TypeError: list indices must be integers or slices, not str
Why does this occur?
This error occurs when using a string for list indexing instead of indices or slices. For a better understanding of list indexing, see the image below, which shows an example list labeled with the index values:
Using indices refers to the use of an integer to return a specific list value. For an example, see the following code, which returns the item in the list with an index of 4:
Using slices means defining a combination of integers that pinpoint the start-point, end-point and step size, returning a sub-list of the original list. See below for a quick demonstration of using slices for indexing. The first example uses a start-point and end-point, the second one introduces a step-size (note that if no step-size is defined, 1 is the default value):
As a budding Pythoneer, one of the most valuable tools in your belt will be list indexing. Whether using indices to return a specific list value or using slices to return a range of values, you'll find that having solid skills in this area will be a boon for any of your current or future projects.
Today we'll be looking at some of the issues you may encounter when using list indexing. Specifically, we'll focus on the error
TypeError: list indices must be integers or slices, not str, with some practical examples of where this error could occur and how to solve it.
Cause 1: Unconverted Strings
For a quick example of how this could occur, consider the situation you wanted to list your top three video games franchises. In this example, let's go with Call of Duty, Final Fantasy and Mass Effect. We can then add an input to the script, allowing the user to pick a list index and then print the corresponding value. See the following code for an example of how we can do this:
We're getting the
TypeError in this case because Python is detecting a string type for the list index, with this being the default data type returned by the
input() function. As the error states, list indices must be integers or slices, so we need to convert our choice variable to an integer type for our script to work. We can do this by using the
int() function as shown below:
Our updated program is running successfully now that 1 is converted from a string to an integer before using the choice variable to index the list, giving the above output.
Cause 2: Treating Lists as Dictionaries
Building on the previous example, let's create a list of JSON objects. In this list, each object will store one of the game franchises used previously, along with the total number of games the franchise has sold (in millions). We can then write a script to output a line displaying how many games the Call of Duty franchise has sold.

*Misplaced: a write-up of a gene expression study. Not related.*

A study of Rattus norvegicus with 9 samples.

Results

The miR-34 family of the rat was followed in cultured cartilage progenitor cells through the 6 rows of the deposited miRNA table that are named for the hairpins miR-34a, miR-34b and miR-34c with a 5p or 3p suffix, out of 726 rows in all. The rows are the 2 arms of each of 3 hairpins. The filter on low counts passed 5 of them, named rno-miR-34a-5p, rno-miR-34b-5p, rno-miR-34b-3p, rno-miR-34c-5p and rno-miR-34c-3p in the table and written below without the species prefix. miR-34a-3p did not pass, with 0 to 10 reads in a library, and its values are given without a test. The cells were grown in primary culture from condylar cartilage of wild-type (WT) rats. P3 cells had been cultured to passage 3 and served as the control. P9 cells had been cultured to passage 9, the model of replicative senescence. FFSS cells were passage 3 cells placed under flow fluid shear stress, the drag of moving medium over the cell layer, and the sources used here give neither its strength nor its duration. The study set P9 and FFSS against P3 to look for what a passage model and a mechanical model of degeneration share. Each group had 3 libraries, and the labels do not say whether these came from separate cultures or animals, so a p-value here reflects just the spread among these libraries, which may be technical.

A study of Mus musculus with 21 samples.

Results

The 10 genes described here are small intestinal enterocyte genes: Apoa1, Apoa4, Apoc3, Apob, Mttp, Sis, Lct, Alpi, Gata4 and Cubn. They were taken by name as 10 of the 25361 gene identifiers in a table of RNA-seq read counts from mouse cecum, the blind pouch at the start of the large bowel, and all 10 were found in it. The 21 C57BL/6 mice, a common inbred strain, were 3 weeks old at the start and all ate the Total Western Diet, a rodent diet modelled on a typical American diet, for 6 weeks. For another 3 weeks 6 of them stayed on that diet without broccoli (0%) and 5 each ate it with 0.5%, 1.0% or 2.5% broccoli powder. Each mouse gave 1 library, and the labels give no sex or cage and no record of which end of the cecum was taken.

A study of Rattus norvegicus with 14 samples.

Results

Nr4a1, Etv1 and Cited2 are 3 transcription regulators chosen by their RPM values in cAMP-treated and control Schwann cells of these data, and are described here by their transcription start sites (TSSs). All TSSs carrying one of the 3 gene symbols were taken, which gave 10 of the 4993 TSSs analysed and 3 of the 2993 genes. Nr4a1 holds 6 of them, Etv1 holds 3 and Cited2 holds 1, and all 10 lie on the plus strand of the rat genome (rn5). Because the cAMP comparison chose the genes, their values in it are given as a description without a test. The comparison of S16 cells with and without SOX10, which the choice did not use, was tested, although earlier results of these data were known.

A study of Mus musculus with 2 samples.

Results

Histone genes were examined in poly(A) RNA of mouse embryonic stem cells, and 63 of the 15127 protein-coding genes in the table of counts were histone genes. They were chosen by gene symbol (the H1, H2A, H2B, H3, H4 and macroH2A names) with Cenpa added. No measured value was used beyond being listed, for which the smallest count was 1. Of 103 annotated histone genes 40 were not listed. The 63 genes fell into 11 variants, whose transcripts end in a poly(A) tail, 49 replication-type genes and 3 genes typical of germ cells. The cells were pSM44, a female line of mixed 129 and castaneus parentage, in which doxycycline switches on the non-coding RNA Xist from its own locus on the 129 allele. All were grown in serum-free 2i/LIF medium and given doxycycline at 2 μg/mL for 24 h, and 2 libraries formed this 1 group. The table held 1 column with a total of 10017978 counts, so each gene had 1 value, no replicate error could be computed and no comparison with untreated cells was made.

This error occurs because we have accidentally tried to access the dictionary using the
"Name" key, when the dictionary is inside of a list. To do this correctly, we need first to index the list using an integer or slice to return individual JSON objects. After doing this, we can use the
"Name" key to get the name value from that specific dictionary. See below for the solution:
Our new script works because it uses the integer type
i to index the list and return one of the franchise dictionaries stored in the list. Once we've got a dictionary type, we can then use the
"Units Sold" keys to get their values for that franchise.
Cause 3: Using List Values for Indexing
A slightly different cause we can also take a look at is the scenario where we have a list of items we'd like to iterate through to see if a specific value is present. For this example, let's say we have a list of fruit and we'd like to see if orange is in the list. We can easily make the mistake of indexing a list using the list values instead of integers or slices.
In this case, we're getting the error because we've used the string values inside the list to index the list. For this example, the solution is pretty simple as we already have the list values stored inside the fruit variable, so there's no need to index the list.
As you can see, there was no need for us to index the list in this case; the list values are temporarily stored inside of the fruit variable as the
for statement iterates through the list. Because we already have the fruit variable to hand, there's no need to index the list to return it.
For future reference, an easier way of checking if a list contains an item is using an
if in statement, like so:
Or if you want the index of an item in the list, use
Bear in mind that using
.index() will throw an error if the item doesn't exist in the list.
This type error occurs when indexing a list with anything other than integers or slices, as the error mentions. Usually, the most straightforward method for solving this problem is to convert any relevant values to integer type using the
int() function. Something else to watch out for is accidentally using list values to index a list, which also gives us the type error.